UK High-Speed Rail Chief Quits After Delay, Cost Details Emerge
Just weeks into his new job, Terry Morgan has resigned as chair of the company building HS2, the U.K.’s multi-billion-dollar high-speed railroad between London and Birmingham, and also has left his equivalent role in running the capital’s troubled Crossrail project.
Named to replace him at HS2 is Allan Cook, former chairman of UK consultant Atkins for seven years before it was acquired by SNC-Lavalin Inc. in 2017, who also was CEO of UK engineering firm Cobham and a former government advisor.
Morgan's departure, rumored in the UK press for days, comes as Crossrail now is likely to cost up to $2.5 billion over budget while the previously announced nine-month delay will be extended to a date that is yet to be fixed. Problems with the new tunnelled line though central London had been played down by the previous project leadership, alleges the city’s mayor Sadiq Khan.
To replace Morgan on that project, sponsors have recruited Tony Meggs. Currently CEO of the government’s Infrastructure and Projects Authority, Meggs was previously head of technology at oil giant BP.
Sponsored jointly by Transport for London and the Dept. for Transport, the new line will link networks on either side of the city with 21 km of new twin tunnels through the center. Due to open this month, officials announced it was running late in August.
'Huge Amount' of Work Remains
Since becoming Crossrail CEO in late November, Mark Wild has found a “huge amount” of work remaining to be done. “This means that I cannot at this stage commit to a [fall] 2019 opening date,” he says.
London Transport Commissioner Mike Brown adds that “only now is the scale of what is yet to be completed becoming clear."
Kahn criticized previous management of the project company Crossrail Ltd. for presenting “a far too optimistic picture” of progress. The mayor says he has ordered publication of minutes of Crossrail directors’ minutes for the last five years “to provide transparency."
Morgan quit days after press stories heralded his imminent dismissal from both jobs.
On HS2, Morgan reported to UK Secretary of State for Transport Chris Grayling, who shares oversight of Crossrail with Transport for London, controlled by Khan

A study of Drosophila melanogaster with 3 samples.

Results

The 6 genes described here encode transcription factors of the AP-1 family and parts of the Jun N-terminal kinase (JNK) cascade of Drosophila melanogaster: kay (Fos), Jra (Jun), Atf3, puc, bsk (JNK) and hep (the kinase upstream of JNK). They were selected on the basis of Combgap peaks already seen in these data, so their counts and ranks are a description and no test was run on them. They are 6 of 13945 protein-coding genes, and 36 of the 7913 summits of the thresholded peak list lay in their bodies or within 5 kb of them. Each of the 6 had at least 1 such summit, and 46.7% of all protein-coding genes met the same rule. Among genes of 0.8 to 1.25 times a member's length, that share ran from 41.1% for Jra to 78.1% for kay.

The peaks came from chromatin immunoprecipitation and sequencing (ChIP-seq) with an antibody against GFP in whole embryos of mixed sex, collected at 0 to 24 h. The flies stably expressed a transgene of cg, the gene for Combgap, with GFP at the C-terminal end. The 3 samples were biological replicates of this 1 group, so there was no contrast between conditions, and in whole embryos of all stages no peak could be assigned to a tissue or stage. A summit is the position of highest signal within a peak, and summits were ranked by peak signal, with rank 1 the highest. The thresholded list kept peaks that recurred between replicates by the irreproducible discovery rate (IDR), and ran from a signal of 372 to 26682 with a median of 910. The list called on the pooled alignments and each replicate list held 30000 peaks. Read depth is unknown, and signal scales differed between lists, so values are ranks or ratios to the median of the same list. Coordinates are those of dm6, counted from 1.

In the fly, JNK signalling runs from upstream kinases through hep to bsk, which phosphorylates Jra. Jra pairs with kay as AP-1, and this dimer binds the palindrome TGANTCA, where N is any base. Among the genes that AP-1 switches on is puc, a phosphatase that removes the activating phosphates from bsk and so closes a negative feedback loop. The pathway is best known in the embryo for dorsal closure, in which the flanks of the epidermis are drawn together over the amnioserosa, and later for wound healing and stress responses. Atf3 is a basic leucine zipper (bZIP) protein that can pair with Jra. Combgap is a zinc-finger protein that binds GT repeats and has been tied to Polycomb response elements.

Tension between the city and Morgan became evident in the days before he resigned on Dec. 5. “There’s been some unfortunate comment about who knew what and when,” he said. “I’m very confident that Crossrail behaved properly ... there are plenty of documents that set out exactly what happened and when."
In a pre-emptive move, Morgan told the BBC: “With the sense of disappointment around the performance of Crossrail … it was considered to be too risky for a program like HS2 [for me] to continue in my role as chairman.”
The Aug. 31 announcement that Crossrail, which was set to open this year but now is delayed well into 2019 and much over budget, was a surprise to all observers.
Only a month earlier, a government update had made no mention of delays on the project.
Under a new funding package agreed by the city and the government to cover the cost rise, the Greater London Authority will borrow up to $1.6 billion from the London transport agency, which will itself contribute $126 million in cash.
To cover potential further cost hikes, the agency has secured a $940 million contingency loan from the UK department.
When Crossrail’s budget was approved in 2010, the central tunnelled section of line was priced at $15.7 billion. Another $2.9 billion was allocated for upgrading existing tracks on either side by the national railroad owner, Network Rail.
When the first delay was announced this summer, the government and Transport for London jointly offered an extra $380 million for the central section and the government committed $364 million for Network Rail’s element of work.
Crossrail’s $380 million is included in the new forecast increase of $2 billion to $2.5 billion
Morgan refutes claims by government agencies that they first heard of the delays in late August. He said he told the agencies and Khan on July 26 "that … we could not deliver the program in 2018. I spoke to the mayor exactly along those lines."
In a bid to establish the facts, the Greater London Assembly has sent a summons to Khan and invited Morgan to appear before its Transport Committee to answer questions.
A spokeswoman for Khan says “he is committed to making sure all relevant documents are published and that he is willing to appear before the assembly to answer questions."
Morgan took the lead at Crossrail in 2009. On his appointment to head HS2 in July, Grayling described him as “world class” with “experience and expertise, demonstrated in numerous leading roles including overseeing the ambitious Crossrail project."